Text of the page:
Not a rant this time but a reflection. And I promise - no profanity this time whatsoever. Oh wait - better get it out of my system. Buggershitbum. Right. Done.
I arrived home this afternoon to Canberra after a month down in Victoria, staying with Mum.
Dad passed away back in October and this was the first trip back down since the funeral.
The house seemed strangely empty. The past couple of years, Dad occupied the same seat in the living room, or on a fine day would sit on an old park bench at the rear of the house, enjoying the sun. Those seats seemed strangely vacant without him. Several times I found myself about to say something to him, except of course he wasn't there.
That park bench had been a bugbear of mine the last couple of years. Mum bought it for dad years ago and time had taken its toll. The wood had deteriorated, some screws had come adrift and the whole thing wobbled badly. I wanted to replace the worst of the wood but initially Dad wanted something else done to it instead, then didn't want that done either. Well, it's not wobbling now. The worst of the wood has been replaced, painted up, screws replaced, more inserted that had never been put in when the original kit was assembled, other bits tightened and tweaked. After it was hauled back outside, I sat down and for a moment, it felt like Dad was there with me.
Dad's funeral was in October. He was cremated but his ashes were not returned to Mum until after I had had to get to Canberra and work. On Boxing Day, I saw his memorial plaque in the rose garden at the cemetery where his ashes were scattered beneath a rose bush. I was there with some of the family. When the others moved on, I stayed back for a moment, crouched down and told Dad that I missed him. Then for the first time since Mum had called me with the news of Dad's passing, the tears came.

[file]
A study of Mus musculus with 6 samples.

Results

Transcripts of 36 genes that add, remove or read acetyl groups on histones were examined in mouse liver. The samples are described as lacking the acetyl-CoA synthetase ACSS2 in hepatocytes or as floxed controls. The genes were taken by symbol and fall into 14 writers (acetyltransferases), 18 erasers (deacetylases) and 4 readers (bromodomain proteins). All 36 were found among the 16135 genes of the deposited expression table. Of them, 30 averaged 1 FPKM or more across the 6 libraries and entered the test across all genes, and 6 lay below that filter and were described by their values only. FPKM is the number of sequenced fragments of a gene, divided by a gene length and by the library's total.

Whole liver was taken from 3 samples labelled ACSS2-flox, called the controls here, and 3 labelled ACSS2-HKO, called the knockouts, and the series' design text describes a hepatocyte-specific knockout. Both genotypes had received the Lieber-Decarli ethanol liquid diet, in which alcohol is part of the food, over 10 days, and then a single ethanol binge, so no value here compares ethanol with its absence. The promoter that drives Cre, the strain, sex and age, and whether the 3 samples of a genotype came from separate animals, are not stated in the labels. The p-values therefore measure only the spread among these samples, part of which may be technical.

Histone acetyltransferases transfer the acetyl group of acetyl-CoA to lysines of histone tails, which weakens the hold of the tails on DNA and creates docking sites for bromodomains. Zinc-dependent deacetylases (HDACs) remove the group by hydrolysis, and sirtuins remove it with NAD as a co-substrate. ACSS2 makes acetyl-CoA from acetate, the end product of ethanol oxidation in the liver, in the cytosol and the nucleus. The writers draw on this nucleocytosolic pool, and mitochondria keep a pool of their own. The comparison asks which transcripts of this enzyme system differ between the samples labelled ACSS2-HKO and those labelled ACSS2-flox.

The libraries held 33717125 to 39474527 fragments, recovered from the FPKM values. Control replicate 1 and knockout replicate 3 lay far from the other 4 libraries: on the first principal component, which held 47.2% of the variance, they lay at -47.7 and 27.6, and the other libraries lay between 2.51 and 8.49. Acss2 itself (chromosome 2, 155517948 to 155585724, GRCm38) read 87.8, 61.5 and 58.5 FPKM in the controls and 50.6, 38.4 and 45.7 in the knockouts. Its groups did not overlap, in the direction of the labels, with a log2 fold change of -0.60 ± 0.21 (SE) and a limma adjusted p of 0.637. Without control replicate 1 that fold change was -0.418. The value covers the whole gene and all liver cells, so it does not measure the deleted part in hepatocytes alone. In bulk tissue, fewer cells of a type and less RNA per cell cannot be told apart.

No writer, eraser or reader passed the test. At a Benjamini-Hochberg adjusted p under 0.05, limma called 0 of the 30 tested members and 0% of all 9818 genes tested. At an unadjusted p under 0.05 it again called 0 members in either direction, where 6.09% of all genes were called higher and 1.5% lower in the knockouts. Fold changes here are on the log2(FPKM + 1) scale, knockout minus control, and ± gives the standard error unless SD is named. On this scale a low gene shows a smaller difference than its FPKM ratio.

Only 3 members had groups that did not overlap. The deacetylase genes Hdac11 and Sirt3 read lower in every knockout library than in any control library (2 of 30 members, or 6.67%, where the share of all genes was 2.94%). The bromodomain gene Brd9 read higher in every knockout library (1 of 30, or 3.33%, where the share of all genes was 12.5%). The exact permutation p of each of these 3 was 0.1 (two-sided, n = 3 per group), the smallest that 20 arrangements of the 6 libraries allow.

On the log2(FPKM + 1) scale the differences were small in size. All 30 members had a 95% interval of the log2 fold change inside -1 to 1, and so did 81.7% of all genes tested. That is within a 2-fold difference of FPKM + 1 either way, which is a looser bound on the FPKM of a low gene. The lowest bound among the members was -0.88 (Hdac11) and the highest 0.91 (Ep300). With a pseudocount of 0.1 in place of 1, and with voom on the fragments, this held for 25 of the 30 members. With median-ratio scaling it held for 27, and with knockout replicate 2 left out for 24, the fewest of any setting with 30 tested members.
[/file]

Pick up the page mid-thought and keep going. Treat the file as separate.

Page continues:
While I was home, in conversation with Mum, I learned things about both Mum and Dad that I hadn't known before. It left me wanting to ask more questions, even though I already knew a fair bit about Dad's life. I was also left with an even greater appreciation of just how much family had meant to him. At one point, I admitted to Mum that I would have loved to have learned to box in my teens but knew there was no hope of ever getting Mum to agree so never brought it up. Her initial reaction on hearing that was 'would have been over my dead body.' After a moment's thought, Mum said that if Dad had gone along with it then I would have boxed. He as well as Mum supported pretty much everything we kids wanted to do. Within reason. But until talking about this with Mum, I hadn't realised just how much Dad supported us behind the scenes even though it was Mum who took the kids to sporting events etc.
In all this, it got me to thinking just how much my parents put into their family over their years. I like to think that I am going to put it to good use. Somehow.
I have plenty of regrets for things I have said or done over the years, particularly when I was still drinking. Yet probably my biggest regret is that I have not had children. The great love of my life was sadly unable to have children and she passed away before we could do something like adopt or foster. At my age (47), I believe I am now too old to be starting a family. So I am not going to be able to do the same things for my family that Mum and Dad did for we four kids and there is only so much that one can do in living that experience vicariously through nieces and nephews.
Right now I am feeling closer to my parents than ever.